Traveler’s Guide to Idaho
Flash Fiction | Short | Scifi
Karl Spudwick doesn’t believe in Idaho’s existence. For the past five years he’s been battling Linda on her home state’s arbitrary existence and failing. With a heavy box in hand, he treads quickly across the stony walkway and up the steps to their baby blue house with quaint windows. Linda, dressed in military fatigues, is hot on his heels.
“Why do you get to choose where we live?” he hollers, “It’s not fuckin’ fair!”
“Not fair?” Linda she replies, “I’m the one with the job!”
“You could’ve picked any state besides Idaho. I’ll never find another job here.”
“You won’t find a job because you were stealing company property from the last one!”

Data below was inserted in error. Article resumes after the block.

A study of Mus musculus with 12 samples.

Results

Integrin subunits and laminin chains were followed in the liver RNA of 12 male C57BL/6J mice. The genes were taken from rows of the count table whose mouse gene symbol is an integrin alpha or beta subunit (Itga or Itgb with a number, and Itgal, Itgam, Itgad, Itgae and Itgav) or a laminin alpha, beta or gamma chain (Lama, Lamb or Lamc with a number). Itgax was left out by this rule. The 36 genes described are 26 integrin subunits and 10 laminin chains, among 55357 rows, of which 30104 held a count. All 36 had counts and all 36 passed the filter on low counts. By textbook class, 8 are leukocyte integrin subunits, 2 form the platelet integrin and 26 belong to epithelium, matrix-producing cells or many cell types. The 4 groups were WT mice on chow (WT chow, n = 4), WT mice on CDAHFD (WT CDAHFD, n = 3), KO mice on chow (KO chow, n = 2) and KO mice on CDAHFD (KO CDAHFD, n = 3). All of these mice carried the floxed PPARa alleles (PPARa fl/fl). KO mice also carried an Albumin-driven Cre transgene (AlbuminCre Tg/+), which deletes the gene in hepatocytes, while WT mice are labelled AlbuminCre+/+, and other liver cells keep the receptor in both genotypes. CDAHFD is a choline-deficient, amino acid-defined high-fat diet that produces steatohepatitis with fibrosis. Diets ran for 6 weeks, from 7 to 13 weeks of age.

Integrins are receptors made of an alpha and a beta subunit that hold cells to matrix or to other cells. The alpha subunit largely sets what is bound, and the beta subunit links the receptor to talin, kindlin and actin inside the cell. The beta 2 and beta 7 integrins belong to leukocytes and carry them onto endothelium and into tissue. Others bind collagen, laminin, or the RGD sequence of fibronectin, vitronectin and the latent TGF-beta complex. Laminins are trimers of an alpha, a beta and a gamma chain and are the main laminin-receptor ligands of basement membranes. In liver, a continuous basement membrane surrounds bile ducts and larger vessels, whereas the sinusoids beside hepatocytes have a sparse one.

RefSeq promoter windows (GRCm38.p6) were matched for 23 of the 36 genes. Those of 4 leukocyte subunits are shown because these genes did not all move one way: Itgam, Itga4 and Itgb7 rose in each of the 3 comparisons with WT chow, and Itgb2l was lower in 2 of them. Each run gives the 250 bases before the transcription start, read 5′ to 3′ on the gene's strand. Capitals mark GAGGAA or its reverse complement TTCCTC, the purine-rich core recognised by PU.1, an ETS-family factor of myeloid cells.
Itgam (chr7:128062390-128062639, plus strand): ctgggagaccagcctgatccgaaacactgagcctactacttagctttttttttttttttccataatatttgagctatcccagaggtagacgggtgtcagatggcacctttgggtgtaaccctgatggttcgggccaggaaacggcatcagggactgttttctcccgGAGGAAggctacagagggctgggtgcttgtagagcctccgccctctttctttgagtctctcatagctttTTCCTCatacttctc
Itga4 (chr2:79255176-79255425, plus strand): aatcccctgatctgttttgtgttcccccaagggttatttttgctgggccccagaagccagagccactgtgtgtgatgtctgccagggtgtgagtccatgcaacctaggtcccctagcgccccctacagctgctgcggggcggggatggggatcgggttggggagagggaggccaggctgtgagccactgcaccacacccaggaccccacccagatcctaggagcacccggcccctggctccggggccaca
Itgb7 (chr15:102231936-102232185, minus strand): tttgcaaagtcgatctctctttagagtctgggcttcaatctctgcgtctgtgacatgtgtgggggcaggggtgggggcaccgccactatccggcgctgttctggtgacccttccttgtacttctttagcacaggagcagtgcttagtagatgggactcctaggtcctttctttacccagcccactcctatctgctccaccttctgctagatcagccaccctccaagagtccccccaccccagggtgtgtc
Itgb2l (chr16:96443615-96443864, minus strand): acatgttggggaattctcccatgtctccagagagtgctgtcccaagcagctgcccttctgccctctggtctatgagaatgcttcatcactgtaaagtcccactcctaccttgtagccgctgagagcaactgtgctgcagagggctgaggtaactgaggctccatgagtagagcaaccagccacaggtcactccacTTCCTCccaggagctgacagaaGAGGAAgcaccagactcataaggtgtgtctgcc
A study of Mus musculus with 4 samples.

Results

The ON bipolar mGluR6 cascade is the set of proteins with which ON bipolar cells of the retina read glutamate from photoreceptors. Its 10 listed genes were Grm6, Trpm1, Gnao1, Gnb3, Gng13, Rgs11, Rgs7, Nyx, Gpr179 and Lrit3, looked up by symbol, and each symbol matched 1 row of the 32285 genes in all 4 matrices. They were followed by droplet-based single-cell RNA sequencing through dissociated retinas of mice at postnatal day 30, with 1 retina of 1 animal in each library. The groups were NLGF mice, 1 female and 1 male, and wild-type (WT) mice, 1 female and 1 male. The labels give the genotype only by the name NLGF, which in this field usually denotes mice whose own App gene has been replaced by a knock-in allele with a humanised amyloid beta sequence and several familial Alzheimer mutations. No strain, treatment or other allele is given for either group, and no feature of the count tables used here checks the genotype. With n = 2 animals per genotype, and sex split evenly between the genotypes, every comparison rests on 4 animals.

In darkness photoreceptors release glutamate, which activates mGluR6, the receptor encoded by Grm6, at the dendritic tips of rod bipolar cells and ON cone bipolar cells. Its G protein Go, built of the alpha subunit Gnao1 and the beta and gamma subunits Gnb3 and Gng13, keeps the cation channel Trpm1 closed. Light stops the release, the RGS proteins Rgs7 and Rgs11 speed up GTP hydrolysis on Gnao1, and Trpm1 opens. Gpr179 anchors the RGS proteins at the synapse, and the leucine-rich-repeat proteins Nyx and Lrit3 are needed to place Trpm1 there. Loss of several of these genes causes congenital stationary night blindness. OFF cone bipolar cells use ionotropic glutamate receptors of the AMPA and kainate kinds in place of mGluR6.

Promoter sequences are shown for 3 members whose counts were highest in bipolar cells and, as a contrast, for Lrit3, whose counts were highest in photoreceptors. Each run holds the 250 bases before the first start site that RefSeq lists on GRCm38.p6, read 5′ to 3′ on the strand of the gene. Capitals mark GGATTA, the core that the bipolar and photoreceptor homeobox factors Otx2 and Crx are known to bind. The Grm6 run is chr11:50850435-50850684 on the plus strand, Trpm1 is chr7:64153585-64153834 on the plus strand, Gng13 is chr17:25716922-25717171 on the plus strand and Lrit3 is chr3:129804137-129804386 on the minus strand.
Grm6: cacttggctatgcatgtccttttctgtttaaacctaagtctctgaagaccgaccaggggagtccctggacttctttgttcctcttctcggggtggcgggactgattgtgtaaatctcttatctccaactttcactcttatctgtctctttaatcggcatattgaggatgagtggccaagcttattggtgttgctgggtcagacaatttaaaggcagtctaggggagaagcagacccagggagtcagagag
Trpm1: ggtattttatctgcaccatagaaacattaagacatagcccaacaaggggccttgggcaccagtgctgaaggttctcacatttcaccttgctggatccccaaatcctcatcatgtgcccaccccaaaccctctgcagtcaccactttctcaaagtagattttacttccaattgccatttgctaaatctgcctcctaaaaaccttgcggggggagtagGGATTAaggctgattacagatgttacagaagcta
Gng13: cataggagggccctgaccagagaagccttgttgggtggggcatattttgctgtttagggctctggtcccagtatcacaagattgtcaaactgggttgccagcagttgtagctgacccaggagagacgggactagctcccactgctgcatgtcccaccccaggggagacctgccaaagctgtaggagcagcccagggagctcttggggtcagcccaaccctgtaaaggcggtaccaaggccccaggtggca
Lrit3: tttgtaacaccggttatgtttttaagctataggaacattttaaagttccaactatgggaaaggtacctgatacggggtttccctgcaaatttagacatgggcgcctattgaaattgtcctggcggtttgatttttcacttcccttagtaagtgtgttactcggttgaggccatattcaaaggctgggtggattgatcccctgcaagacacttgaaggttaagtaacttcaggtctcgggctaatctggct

Karl stops at the top of the steps and faces her.
“It was already in the trash.”
He storms into the house grumbling and spitting random slurs. He enters an office and places the box on his desk. Other boxes are stacked around the room awaiting his attention. Reluctantly, he pulls a box cutter from his pocket and slides the blade through the ugly brown packing tape. He doesn’t remember packing this box. It’s filled with pages of old yellowed newspaper all dated for July 3, 1890.
“Huh, that’s weird,” he mutters.
Karl sifts through the various articles until his hand closes on something solid. He lifts a tattered book from the depths of the box. As he brushes away years of dust and gossamer from its cover, he catches the faint smell of potatoes. The title reads: Traveler’s Guide to Idaho by Frank R. Gooding. Gooding is Linda’s maiden name.